The Healing Power of Social Connection
Georgina Díaz, Community Health Worker from the community of Reforma
In the remote Sierra Madre mountains of Chiapas, Mexico, there are few roles more important than that of the community health worker (CHW). Locally known as Acompañantes, CHWs are a fundamental component of Partners In Health’s integrated health care model and act as a link between the clinic and the community.
In Chiapas, Partners In Health’s sister organization Compañeros en Salud (CES) conducts health screening through active case finding in communities. They help people who are isolated or marginalized get diagnosed with chronic diseases like diabetes and hypertension early so that they can get the care they need at a time when the treatment can still help them enjoy health for a long time. These CHWs serve not only as the front line in a comprehensive primary health care team, providing support to people living with chronic conditions, but also play a vital role in fostering social ties between individuals in the community.
With social connectedness increasingly recognized as a determinant of both mental and physical health, PIH Canada – in partnership with the Samuel Family Foundation – is collaborating with CES to explore and document the role of CHWs in facilitating these important social linkages.
“I got excited about this collaboration because I’ve seen the power of CHW-led accompaniment first-hand in the Sierra Madre,” said Dr. Dan Palazuelos, co-founder and Chief Strategist of CES, and Senior Health and Policy Advisor for Community Health Systems at Partners In Health. “When I learned more about the concept of social connectedness from the Samuel Family Foundation, I instantly recognized it … so much of the power of accompaniment is in how people connect, support one another, and help each other overcome obstacles or traumas.”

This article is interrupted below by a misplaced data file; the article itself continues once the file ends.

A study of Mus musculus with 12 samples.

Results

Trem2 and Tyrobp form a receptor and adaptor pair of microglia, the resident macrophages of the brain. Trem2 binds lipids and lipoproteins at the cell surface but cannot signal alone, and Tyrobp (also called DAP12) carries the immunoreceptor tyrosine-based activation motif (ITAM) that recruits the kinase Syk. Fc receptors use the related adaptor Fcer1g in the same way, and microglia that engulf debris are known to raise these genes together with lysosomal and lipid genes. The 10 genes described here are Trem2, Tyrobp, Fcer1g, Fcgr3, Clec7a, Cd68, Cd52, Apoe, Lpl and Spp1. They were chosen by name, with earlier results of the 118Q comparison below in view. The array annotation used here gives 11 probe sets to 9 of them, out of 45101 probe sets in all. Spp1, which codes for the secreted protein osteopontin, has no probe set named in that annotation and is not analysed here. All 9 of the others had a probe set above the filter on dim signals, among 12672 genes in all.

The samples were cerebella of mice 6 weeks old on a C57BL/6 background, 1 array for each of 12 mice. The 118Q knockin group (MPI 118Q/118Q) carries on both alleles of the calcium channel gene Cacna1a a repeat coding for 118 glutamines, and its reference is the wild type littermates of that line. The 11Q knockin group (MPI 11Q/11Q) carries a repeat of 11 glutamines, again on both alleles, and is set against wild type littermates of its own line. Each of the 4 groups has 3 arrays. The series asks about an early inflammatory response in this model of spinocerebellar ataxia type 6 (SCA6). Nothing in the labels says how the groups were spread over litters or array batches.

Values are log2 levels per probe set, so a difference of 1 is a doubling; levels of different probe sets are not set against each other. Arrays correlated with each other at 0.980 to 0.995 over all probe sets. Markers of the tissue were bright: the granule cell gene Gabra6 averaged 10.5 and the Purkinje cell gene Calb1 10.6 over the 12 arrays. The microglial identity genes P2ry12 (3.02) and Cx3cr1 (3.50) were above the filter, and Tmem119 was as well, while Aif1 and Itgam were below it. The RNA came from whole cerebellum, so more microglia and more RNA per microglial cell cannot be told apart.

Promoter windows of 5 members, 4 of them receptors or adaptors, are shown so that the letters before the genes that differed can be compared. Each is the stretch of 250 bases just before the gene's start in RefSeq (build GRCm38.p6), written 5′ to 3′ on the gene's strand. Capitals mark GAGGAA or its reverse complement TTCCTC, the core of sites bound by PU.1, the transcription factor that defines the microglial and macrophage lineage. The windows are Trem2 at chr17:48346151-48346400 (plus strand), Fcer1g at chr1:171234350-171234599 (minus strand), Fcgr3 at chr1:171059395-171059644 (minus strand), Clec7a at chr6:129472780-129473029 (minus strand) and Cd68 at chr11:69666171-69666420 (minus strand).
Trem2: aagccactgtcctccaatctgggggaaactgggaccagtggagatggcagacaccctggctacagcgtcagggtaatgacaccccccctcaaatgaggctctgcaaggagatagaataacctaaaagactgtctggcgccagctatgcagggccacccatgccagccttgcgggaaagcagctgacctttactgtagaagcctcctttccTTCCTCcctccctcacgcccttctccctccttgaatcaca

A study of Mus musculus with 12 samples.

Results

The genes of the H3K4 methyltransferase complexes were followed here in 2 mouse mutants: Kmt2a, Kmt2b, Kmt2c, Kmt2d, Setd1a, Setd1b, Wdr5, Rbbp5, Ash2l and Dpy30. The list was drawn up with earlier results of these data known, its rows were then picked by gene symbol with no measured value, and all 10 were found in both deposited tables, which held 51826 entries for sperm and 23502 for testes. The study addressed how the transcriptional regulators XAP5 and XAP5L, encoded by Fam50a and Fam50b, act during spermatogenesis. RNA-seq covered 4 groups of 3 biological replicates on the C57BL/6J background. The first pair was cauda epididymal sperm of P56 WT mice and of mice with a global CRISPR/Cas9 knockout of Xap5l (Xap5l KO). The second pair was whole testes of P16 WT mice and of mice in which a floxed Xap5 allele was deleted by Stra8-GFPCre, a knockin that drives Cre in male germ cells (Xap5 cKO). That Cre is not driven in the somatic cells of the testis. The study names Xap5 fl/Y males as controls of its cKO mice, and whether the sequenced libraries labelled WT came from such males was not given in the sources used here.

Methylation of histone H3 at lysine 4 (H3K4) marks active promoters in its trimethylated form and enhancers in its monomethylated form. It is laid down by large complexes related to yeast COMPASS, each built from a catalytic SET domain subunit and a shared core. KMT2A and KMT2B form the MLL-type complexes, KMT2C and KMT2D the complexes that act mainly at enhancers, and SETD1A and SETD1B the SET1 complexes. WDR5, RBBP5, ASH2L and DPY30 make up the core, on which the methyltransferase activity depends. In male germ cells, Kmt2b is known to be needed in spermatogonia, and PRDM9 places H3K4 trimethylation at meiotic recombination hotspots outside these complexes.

The project consists of three main components. First, it will support CES’s community health program in identifying people at risk of health complications and connecting them to care. Second, it will document the power of CHWs to promote human connection by using CHW-generated photo essays and community video interviews to gain insight into provider and patient perceptions of the impact of CHWs.
Eudeli Velasquez, a Community Health Worker from the community of Reforma
Finally, this summer CES will be hosting a cross-site PIH dialogue by bringing together CHWs from Haiti, Mexico, Navajo Nation, and Peru. The conversations between CHWs from different sites will help PIH gain a better understanding of how PIH’s integrated care model fosters social connectedness, and will identify best practices that may be applied and solidified across all Partners In Health locations.
Over the next weeks and months, CES staff will be working with acompañantes to document their experiences in the communities they serve. They will also record stories and reflections of patients and other community members. It promises to provide a rich account of the importance and impact of social connection in facilitating wellness.
“Our experience over the last four years is that so much of the healing and support goes on in the community,” Dr. Palazuelos said. “We hope to share the voices of people who participate in and benefit from PIH’s community health efforts. We’ve always known social connectedness was important to health, but we didn’t always have a vocabulary for how to describe it. This collaboration with the Samuel Family Foundation is a beautiful opportunity to learn and grow together.”